Inaugural Jefferson Science Fellow Distinguished Lecture features expert on environmental exposure and epigenetic change
Monday, Oct. 6, 2014
MANHATTAN — The Johnson Cancer Research Center at Kansas State University will present the inaugural Jefferson Science Fellow Distinguished Lecture, sponsored by the president's office, at 4 p.m. Friday, Oct. 10, in 221 Ackert Hall. It will be part of the weekly Division of Biology seminar series, but the public is welcome.
Jefferson fellows spend a year working with the U.S. State Department or U.S. Agency for International Development, providing up-to-date expertise in the science, technology, engineering and medical areas that impact policy decisions.
The guest speaker will be Mitchell Turker, a professor of molecular and medical genetics at Oregon Health and Science University's Oregon Institute of Occupational Health Sciences. He will give the presentation "Environmental Exposures and Epigenetic Change."
Epigenetic science explains why a single genome can lead to literally hundreds of cell types within an individual, according to Turker. His talk will explore the hypothesis that environmental exposures can cause epigenetic changes and offer a model to explain how these changes occur.
"The genome in each cell type becomes an epigenome containing a variety of modifications to histones and DNA that control the set of genes to be expressed. Epigenomes are altered in disease states, most notably cancer, but how these aberrant changes arise is unknown," Turker said.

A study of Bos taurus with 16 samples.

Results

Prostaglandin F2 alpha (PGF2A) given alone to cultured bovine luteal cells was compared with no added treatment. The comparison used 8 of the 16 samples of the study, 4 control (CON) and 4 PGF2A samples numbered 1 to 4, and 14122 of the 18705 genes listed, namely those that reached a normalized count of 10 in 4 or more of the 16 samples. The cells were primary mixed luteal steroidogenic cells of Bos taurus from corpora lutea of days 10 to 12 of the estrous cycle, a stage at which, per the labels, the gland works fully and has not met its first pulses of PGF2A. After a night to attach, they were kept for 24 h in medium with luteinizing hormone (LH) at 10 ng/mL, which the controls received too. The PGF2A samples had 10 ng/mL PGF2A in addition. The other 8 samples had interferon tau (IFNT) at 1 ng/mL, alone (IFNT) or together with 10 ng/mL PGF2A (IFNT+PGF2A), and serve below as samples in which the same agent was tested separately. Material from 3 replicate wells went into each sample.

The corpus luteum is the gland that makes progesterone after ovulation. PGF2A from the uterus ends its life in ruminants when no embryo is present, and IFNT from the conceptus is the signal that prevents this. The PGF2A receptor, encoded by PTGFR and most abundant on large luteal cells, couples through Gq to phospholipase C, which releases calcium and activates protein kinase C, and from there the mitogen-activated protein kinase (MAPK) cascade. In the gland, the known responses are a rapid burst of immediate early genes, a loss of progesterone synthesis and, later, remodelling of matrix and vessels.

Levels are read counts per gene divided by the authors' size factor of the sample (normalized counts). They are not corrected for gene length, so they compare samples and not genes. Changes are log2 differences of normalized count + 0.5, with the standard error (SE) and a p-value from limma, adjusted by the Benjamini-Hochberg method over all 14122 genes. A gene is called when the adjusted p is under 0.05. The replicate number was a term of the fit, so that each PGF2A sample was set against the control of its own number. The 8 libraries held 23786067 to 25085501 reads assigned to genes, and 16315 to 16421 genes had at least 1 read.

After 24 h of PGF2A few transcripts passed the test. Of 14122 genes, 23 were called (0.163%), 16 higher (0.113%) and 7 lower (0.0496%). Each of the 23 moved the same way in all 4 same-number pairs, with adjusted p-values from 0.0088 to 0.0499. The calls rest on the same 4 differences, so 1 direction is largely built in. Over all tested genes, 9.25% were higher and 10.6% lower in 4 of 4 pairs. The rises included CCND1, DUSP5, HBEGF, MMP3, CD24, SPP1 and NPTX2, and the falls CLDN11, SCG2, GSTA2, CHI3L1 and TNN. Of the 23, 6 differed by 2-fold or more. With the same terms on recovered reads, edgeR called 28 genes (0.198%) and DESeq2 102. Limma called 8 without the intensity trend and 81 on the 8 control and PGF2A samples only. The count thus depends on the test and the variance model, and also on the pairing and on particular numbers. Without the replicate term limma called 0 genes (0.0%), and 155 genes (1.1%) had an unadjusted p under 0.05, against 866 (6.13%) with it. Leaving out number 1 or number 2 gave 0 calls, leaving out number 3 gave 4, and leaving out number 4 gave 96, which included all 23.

Turker received his doctorate in pathology from the University of Washington. He was a postdoctoral fellow at the University of Colorado Health Sciences Center and an assistant and associate professor in the departments of pathology and microbiology/immunology at the University of Kentucky, where he also served as director of experimental pathology. Before joining Oregon Health and Science University, he was a visiting associate professor in the department of genetics and development at Columbia University. Turker also has a Juris Doctor from Lewis and Clark Law School, with a certificate in environmental law.
A reception following the lecture will be at the Johnson Cancer Research Center in 1 Chalmers Hall.